Tuesday, February 16, 2010

New Report: Biofuels Harming Food Production in Developing Countries


A new report provides further evidence of the urgent need to rethink our approach to biofuel choices and production systems:

EU companies have taken millions of acres of land out of food production in Africa, central America and Asia to grow biofuels for transport, according to development campaigners. The consequences of European biofuel targets, said the report by ActionAid, could be up to 100 million more hungry people, increased food prices and landlessness.

The report says the 2008 decision by EU countries to obtain 10% of all transport fuels from biofuels by 2020 is proving disastrous for poor countries. Developing countries are expected to grow nearly two-thirds of the jatropha, sugar cane and palm oil crops that are mostly used for biofuels.

"To meet the EU 10% target, the total land area directly required to grow industrial biofuels in developing countries could reach 17.5m hectares, over half the size of Italy. Additional land will also be required in developed nations, displacing food and animal feed crops onto land in new areas, often in developing countries," says the report.

Biofuels are estimated by the IMF to have been responsible for 20-30% of the global food price spike in 2008 when 125m tonnes of cereals were diverted into biofuel production. The amount of biofuels in Europe's car fuels is expected to quadruple in the next decade.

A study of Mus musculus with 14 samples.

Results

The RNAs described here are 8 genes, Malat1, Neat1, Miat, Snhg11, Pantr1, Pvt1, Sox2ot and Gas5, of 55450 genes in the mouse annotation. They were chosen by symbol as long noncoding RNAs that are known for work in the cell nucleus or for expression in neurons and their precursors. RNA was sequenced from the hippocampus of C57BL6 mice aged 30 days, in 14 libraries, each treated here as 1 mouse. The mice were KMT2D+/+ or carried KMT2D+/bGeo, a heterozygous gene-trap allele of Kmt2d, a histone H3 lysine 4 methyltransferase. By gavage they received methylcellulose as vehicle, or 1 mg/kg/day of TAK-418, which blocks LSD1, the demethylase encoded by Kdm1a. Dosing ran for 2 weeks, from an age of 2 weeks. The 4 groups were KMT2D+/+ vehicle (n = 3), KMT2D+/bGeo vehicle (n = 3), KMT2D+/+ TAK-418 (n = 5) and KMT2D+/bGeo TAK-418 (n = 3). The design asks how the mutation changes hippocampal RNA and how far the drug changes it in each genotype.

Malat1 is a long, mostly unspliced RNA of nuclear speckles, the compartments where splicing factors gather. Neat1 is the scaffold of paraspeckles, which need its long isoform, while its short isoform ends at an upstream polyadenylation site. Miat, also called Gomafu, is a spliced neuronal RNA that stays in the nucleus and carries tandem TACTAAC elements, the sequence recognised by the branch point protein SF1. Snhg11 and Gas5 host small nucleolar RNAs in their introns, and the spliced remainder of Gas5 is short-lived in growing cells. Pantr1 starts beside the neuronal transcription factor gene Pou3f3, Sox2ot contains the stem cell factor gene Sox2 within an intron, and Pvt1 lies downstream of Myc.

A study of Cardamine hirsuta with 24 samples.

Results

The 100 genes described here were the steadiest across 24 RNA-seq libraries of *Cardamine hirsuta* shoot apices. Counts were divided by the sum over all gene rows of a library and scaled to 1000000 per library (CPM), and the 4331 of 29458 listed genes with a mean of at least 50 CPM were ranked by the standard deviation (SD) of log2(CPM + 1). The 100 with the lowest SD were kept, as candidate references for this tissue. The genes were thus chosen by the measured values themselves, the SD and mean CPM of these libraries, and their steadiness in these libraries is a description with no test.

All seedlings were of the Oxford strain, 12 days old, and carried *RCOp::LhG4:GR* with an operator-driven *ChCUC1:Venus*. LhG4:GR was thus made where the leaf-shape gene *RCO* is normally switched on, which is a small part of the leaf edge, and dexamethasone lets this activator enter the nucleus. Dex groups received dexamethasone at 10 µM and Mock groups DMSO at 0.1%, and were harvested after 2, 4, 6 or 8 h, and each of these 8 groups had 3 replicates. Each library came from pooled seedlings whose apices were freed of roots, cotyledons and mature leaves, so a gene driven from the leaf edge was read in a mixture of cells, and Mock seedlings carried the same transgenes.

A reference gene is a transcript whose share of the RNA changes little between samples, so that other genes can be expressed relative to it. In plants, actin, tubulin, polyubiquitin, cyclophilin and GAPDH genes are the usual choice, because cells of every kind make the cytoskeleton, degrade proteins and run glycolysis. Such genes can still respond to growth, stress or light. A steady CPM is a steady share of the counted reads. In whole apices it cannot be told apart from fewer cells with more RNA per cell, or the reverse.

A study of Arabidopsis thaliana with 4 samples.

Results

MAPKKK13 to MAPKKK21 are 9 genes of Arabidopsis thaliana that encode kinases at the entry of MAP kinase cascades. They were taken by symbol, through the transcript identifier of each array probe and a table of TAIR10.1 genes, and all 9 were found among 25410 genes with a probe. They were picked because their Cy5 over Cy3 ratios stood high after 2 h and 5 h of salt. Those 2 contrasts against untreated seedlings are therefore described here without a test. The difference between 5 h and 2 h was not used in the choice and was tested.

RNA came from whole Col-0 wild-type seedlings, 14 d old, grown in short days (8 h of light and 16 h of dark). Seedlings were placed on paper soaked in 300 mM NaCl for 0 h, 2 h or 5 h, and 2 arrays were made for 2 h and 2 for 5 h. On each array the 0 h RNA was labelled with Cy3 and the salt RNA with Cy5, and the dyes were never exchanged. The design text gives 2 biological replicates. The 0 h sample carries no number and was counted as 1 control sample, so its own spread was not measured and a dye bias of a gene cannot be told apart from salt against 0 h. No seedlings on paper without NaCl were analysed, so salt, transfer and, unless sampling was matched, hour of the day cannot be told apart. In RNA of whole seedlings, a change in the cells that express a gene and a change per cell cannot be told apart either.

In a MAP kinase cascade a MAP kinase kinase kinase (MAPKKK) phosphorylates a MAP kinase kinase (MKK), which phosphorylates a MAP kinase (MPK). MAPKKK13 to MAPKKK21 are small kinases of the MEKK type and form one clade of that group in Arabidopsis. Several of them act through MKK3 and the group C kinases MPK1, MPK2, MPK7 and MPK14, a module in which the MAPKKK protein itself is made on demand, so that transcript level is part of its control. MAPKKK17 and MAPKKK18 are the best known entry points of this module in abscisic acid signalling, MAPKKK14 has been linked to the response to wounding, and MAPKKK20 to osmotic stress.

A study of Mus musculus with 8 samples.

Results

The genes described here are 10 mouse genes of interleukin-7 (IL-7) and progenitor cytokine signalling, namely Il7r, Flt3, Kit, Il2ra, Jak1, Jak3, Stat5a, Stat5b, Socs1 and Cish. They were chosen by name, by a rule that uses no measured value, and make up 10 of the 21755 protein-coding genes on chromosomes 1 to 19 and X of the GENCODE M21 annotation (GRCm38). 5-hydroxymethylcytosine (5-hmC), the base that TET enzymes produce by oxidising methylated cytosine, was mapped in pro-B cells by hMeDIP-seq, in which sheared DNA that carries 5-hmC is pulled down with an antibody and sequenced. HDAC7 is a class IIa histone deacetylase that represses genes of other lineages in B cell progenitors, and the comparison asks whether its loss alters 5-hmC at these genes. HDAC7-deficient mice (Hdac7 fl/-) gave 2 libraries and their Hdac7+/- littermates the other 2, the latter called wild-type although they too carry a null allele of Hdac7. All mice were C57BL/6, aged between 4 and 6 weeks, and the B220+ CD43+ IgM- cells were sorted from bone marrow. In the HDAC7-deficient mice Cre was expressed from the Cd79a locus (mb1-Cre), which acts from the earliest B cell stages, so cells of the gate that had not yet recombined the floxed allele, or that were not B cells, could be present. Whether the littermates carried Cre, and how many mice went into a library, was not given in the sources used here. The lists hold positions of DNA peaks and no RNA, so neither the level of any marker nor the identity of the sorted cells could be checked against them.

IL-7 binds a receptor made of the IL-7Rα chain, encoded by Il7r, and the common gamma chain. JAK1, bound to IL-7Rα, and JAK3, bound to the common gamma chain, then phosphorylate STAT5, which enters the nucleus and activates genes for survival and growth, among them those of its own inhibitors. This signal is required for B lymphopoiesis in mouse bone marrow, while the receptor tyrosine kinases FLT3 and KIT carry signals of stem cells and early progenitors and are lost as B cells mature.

This article doesn't even get into the pollution impacts of biofuel production beyond greenhouse gas emissions (where forests are cleared to grow biofuels, leading to a spike in emissions).  How about the ecological and human impacts of excessive fertilizer and pesticides use, both of which pollute soils, fresh water sources and people alike..?  In the U.S., for example, excessive fertilizer use creates a huge dead zone in the Gulf of Mexico, threatening the region's fishing industry (among other problems it causes).

Ultimately, there will be a place for sustainable biofuels, and a right way, place and set of crops for getting the job done.  I love systems that turn waste into fuel, be it via cellulosic ethanol or algae systems that use CO2 from power plants to grow algae.  Even for these systems, however, it's critical to make sure the species being used to create the fuel aren't potential invasive species catastrophes in the making...

The bottom line is that we've really got to do a better job of thinking these things through, and then actually responding when we see the problems they cause.  The fact that the U.S. is still stuck on corn ethanol after the food supply problems (and tortilla rebellion) it caused in the summer of 2008 makes us look pretty silly, if you ask me.